How does one make a senior-citizen-in-training feel young? Ask her for her ID in the presence of her adult son. This is one of the wonderful things that happened during my recent long weekend in the north Atlanta suburbs. My son takes after me in many respects, not the least of which is his fondness for exploring locally owned restaurants and taverns with interesting and diverse offerings. Fortunately, my daughter-in-law, also shares our adventurous spirit, and is a willing accomplice. I always return home happier, and with five extra pounds.
I travel several times a year to visit my son, Drew, daughter-in-law, Jennifer and granddog, Charlie Bear, who is a most delightful mix of pit bull and boxer, and hasn't a mean bone in his body. His bark is terrifying, but his preferred activities are eating and snuggling on the couch with his people. I love the neighborhood in which they live, with its easy access to great shopping, tasty dining, Lake Lanier, the mountains and Ga. 400. I adore that there is always a festival going on somewhere nearby when I'm there. This recent weekend found me eating delicious food, trying new beverages, frolicking in a field of sunflowers, and eventually, in Marietta, where "Merry Marietta," was taking place, complete with Santa Claus, Christmas music and plastic pink flamingos adorned with Santa hats. We had planned to enjoy an outdoor concert in Alpharetta Saturday evening, but Mother Nature decided torrential rain would be a better idea.
It's amazing the positive effect only four days away from home can have on a person. I had not had any time off since Christmas, and had become cranky and difficult, which is not my default setting. My mom used to use the phrase, "It's refreshing," when she really enjoyed something, and my son and I keep it alive by using it, sometimes not in a context of which she would have approved, but we always end up laughing like a couple of hyenas. I'm pretty sure she would like that. This trip was certainly refreshing. I needed a change of scenery, a touch of the unfamiliar, perhaps a little adventure. Seeing different faces and trying new restaurants was fun, but nothing topped the home-cooked meal my daughter-in-law served Friday evening. I did miss my people, and my dogs, "back home."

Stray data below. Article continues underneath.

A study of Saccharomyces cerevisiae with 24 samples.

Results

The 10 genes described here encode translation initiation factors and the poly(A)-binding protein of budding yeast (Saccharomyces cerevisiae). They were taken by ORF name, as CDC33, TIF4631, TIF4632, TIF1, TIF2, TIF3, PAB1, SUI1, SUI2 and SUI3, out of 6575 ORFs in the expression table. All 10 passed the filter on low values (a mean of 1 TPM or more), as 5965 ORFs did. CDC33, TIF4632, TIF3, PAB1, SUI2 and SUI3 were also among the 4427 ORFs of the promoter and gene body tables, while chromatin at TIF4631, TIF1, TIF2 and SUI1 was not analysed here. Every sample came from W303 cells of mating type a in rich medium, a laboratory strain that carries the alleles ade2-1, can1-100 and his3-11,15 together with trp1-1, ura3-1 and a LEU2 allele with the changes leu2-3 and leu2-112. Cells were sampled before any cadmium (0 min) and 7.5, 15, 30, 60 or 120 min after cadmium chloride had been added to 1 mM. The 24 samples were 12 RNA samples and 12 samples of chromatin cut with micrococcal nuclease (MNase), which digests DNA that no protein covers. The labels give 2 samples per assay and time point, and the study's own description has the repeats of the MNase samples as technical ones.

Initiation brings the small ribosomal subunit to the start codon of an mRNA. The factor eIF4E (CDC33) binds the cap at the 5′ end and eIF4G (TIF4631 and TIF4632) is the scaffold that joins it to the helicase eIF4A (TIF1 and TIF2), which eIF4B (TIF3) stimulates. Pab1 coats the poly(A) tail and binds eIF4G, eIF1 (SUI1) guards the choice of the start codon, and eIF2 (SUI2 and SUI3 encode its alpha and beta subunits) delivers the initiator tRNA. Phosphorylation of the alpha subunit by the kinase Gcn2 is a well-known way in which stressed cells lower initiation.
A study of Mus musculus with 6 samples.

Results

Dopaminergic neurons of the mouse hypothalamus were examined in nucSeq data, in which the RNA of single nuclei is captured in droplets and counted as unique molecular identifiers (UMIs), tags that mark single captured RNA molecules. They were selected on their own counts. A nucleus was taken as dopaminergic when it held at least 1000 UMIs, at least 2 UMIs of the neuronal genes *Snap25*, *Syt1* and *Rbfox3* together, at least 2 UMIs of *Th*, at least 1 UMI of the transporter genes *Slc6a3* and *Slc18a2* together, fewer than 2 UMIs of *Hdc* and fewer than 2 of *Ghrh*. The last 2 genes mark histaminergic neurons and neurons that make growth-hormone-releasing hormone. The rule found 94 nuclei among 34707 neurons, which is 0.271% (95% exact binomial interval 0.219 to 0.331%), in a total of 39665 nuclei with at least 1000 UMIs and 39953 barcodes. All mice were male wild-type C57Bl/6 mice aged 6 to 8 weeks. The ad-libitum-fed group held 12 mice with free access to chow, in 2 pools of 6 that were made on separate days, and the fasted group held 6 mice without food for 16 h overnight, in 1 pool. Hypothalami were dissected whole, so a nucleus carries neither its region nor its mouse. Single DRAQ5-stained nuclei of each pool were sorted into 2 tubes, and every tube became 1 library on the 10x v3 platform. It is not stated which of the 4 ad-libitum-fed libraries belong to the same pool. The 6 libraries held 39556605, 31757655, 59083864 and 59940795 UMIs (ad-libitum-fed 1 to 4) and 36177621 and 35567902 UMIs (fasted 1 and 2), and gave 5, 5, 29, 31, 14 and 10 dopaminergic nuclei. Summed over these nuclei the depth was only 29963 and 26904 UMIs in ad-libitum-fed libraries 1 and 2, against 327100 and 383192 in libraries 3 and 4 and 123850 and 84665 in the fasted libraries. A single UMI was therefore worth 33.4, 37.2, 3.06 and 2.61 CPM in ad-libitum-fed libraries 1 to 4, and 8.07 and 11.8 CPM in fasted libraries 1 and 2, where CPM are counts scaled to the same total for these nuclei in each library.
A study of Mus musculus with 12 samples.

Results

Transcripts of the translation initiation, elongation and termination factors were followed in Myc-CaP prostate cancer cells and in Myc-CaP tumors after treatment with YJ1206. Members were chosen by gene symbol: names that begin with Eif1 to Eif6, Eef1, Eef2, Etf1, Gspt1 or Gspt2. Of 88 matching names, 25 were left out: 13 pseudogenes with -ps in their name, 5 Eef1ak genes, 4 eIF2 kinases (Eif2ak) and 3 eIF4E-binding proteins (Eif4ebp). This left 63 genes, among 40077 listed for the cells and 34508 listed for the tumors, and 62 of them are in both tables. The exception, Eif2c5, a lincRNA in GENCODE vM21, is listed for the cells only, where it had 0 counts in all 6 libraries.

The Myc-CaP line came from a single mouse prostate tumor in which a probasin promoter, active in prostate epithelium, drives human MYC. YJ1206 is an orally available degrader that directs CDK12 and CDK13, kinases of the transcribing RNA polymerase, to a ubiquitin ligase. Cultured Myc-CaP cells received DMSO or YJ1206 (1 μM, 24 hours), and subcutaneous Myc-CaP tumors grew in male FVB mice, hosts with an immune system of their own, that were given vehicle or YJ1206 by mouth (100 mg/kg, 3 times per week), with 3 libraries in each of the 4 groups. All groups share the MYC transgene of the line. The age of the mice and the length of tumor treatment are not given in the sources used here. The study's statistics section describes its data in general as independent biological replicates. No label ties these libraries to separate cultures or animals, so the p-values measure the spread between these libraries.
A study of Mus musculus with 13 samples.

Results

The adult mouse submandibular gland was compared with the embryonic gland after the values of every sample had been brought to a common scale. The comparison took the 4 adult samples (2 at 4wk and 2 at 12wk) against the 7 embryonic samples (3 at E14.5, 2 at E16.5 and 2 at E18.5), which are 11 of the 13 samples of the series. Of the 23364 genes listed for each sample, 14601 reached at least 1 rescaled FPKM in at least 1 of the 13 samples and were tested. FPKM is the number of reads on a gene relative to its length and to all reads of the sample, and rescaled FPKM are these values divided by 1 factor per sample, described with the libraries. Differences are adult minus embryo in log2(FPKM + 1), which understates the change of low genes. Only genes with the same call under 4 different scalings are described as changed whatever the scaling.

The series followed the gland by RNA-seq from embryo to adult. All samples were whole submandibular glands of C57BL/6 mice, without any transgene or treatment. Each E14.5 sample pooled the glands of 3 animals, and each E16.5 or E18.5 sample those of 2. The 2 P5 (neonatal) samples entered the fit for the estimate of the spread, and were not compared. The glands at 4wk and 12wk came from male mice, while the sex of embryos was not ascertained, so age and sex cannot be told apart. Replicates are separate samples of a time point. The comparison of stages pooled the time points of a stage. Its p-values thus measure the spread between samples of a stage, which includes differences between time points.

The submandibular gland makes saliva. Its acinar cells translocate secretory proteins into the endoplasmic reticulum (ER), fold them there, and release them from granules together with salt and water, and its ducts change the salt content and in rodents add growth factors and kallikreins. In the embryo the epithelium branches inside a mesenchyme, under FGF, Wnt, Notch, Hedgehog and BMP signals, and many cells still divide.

The only drawback is the traffic, which bears no resemblance to the occasional inconvenience we endure here. This is epic traffic, y'all. Highway construction is constant. Vehicles are everywhere, and the multi-level patchwork of main roads, side streets, highways, and shopping center and subdivision exits and entrances, etc. is exhausting and anxiety-inducing. I have taken a vow never to complain about Frederica Road or Torras Causeway traffic again, at least not while anyone is within listening distance.
Like I said, all that traffic can stress a person out like nobody's business, but in this issue of Coastal Illustrated, we have some keen recommendations for your body and soul. We feature Patricia Ploeger, a veteran yoga instructor and paddleboarder, who speaks to the benefits of both pursuits. In our Spotlight, we highlight The Island Players Children's Summer Theater Workshop, and talk with director Jeff Dempsey. This year's play is Disney's "Mulan Jr.," which is a shorter version. More than 50 area kids are involved in the production, and spend their summer learning tech skills and working on their singing, acting and dancing.
In Coastal Home, we feature Lane Applegate and Marilyn Hodor, of Kitchens by Design, on St. Simons Island, and learn about how to make a home's kitchen decor both up-to-date and timeless. The Q&As focus on Realtor Dana Gardner, of Gardner Keim Real Estate, and designer, Edward Armstrong, of Edward on St. Simons.
We also have great tips and recommendations from our columnists, and a lot of pictures of people you know. Sit back, pour yourself a glass of iced tea, put your feet up and enjoy the issue!
P.S. No stressing about traffic allowed. It could be worse. You could be negotiating an 18-lane multi-level freeway.